Prime Minister David Cameron pledged to bring back jobs to Britain by luring companies with business-friendly regulation and lower energy prices.
Shorter supply chains and rising emerging-market costs have already led one in 10 small-and-medium-sized businesses to bring some production back to the U.K., a move the government needs to encourage, Cameron said in a speech at the World Economic Forum today in Davos, Switzerland. He used the example of the U.S. to argue that fracking, by lowering energy costs, may help bring companies back from their bases abroad.
“Here is now an opportunity for some of those jobs to come back,” Cameron said. “I believe these trends have the ability to be a fresh driver of growth in Europe too. I want Britain to seize these opportunities. I think there is a chance for Britain to become the ‘reshore nation.’”
Attracting investment has been one of the key arguments behind Cameron’s push to develop fracking for shale gas in the U.K., with the government pledging millions of pounds to local authorities that approve developments.
“Just look at what shale gas has done for America -– for American firms and American jobs,” Cameron said. “It has reduced industrial gas prices in America to about one-quarter of those in Europe and it’s set to create a million more manufacturing jobs as firms build new factories.”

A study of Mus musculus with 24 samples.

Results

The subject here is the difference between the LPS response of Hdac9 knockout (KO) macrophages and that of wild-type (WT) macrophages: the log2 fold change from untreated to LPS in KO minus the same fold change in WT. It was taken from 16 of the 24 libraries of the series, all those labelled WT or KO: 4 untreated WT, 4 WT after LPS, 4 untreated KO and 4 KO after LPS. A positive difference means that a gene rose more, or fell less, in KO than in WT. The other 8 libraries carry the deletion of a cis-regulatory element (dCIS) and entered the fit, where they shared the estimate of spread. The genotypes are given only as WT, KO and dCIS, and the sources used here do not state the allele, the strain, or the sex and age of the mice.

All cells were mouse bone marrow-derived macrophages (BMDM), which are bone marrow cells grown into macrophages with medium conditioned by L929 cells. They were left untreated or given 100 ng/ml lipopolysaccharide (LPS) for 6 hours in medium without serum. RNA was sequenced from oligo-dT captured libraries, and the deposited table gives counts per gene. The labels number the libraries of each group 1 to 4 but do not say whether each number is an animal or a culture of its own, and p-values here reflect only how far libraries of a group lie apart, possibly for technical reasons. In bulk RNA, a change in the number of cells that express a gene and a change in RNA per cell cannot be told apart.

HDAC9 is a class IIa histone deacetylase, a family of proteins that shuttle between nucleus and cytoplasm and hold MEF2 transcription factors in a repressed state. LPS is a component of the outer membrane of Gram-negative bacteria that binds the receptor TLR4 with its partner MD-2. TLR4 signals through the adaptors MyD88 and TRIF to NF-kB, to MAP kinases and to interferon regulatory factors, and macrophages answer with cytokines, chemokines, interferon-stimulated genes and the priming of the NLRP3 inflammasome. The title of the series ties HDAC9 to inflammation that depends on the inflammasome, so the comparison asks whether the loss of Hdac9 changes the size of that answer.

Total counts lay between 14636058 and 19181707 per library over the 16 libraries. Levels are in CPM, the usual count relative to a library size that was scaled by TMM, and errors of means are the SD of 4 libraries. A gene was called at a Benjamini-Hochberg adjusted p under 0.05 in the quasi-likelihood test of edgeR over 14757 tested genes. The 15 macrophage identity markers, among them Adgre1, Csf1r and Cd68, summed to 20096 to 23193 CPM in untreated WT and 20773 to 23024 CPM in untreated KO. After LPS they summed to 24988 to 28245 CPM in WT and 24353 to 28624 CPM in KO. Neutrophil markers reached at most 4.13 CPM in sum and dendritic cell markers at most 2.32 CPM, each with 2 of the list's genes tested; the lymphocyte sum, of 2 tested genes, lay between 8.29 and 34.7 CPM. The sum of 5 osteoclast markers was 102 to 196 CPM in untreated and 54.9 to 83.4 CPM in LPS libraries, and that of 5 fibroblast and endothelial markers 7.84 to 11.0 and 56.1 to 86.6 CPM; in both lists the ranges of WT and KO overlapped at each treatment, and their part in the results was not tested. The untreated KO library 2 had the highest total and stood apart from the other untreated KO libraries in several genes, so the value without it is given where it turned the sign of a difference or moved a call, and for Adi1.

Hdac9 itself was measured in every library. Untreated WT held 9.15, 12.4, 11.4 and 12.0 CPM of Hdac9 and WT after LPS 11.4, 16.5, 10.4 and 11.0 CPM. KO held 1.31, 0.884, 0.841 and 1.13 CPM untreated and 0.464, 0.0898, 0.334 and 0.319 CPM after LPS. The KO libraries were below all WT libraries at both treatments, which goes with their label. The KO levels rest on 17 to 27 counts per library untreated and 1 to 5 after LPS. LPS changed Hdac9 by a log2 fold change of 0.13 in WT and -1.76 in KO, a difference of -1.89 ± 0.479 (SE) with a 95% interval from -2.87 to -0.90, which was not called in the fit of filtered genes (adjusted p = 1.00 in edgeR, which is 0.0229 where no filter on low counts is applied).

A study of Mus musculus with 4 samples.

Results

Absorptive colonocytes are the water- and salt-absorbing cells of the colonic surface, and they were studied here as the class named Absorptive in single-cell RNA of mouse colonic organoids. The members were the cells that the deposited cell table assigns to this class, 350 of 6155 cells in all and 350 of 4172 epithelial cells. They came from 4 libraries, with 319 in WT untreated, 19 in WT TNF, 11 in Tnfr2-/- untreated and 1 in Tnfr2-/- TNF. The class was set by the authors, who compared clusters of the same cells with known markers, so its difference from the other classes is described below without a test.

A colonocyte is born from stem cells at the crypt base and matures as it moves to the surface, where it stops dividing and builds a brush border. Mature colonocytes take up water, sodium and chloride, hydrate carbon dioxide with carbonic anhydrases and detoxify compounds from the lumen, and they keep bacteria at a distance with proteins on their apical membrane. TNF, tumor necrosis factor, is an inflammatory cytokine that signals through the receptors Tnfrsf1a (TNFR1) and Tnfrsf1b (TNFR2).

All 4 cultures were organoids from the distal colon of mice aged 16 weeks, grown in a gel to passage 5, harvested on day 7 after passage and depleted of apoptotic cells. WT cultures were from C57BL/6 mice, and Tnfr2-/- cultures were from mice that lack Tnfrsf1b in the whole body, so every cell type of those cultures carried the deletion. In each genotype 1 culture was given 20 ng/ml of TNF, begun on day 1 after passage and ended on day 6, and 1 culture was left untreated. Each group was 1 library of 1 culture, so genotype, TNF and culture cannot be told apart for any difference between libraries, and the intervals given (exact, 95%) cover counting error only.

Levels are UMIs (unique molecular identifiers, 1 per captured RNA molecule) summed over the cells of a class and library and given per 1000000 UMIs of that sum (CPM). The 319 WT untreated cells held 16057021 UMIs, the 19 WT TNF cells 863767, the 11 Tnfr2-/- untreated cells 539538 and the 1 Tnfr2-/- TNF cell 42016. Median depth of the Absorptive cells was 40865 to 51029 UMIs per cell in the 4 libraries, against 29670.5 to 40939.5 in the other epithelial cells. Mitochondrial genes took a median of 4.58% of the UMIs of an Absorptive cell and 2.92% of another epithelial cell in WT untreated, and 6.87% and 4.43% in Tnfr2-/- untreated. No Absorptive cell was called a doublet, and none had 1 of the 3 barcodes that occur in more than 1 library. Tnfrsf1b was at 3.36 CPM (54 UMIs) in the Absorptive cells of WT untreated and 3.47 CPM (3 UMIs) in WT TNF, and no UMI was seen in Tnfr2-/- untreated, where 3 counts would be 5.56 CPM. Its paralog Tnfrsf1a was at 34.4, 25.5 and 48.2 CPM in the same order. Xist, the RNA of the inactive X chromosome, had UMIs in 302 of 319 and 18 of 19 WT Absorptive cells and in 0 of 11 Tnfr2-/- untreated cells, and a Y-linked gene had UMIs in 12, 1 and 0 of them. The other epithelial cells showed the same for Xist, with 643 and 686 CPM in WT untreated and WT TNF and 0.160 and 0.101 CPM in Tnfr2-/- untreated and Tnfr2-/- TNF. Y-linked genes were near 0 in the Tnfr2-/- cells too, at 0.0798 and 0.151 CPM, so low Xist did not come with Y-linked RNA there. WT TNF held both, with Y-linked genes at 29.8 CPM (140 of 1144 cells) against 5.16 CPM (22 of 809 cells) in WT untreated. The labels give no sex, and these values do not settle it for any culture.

Lower costs and other improvements also helped bring 1,500 manufacturing jobs to the U.K in 2011, according to a government-commissioned survey.
To coincide with Cameron’s speech, U.K. Trade & Investment, the government’s trade-promotion agency, and the Manufacturing Advisory Service announced the creation of Reshore U.K., a service designed to help companies bring production back to Britain.
“If we make the right decisions, we may also see more of what has been a small but discernible trend where some jobs that were once off-shored are coming back from east to west,” the premier said. “If we act now, we can ensure our business, our people and our societies can benefit from the next phase of globalization.”
Britain’s recovery is already showing signs of strengthening, with the International Monetary Fund upgrading its U.K. growth forecast this week by the most for any Group of Seven economy. Data on Jan. 22 showed Britain’s unemployment rate fell to 7.1 percent in the quarter through November, the lowest in almost five years.
While acknowledging economic growth was strengthening, Cameron yesterday renewed his government’s commitment to its austerity plan.
“What is welcome is that with the recovery is coming jobs,” he told BBC Television. The rebound will only be sustainable, though, “if we deal with the problems we had before the recovery came,” Cameron said.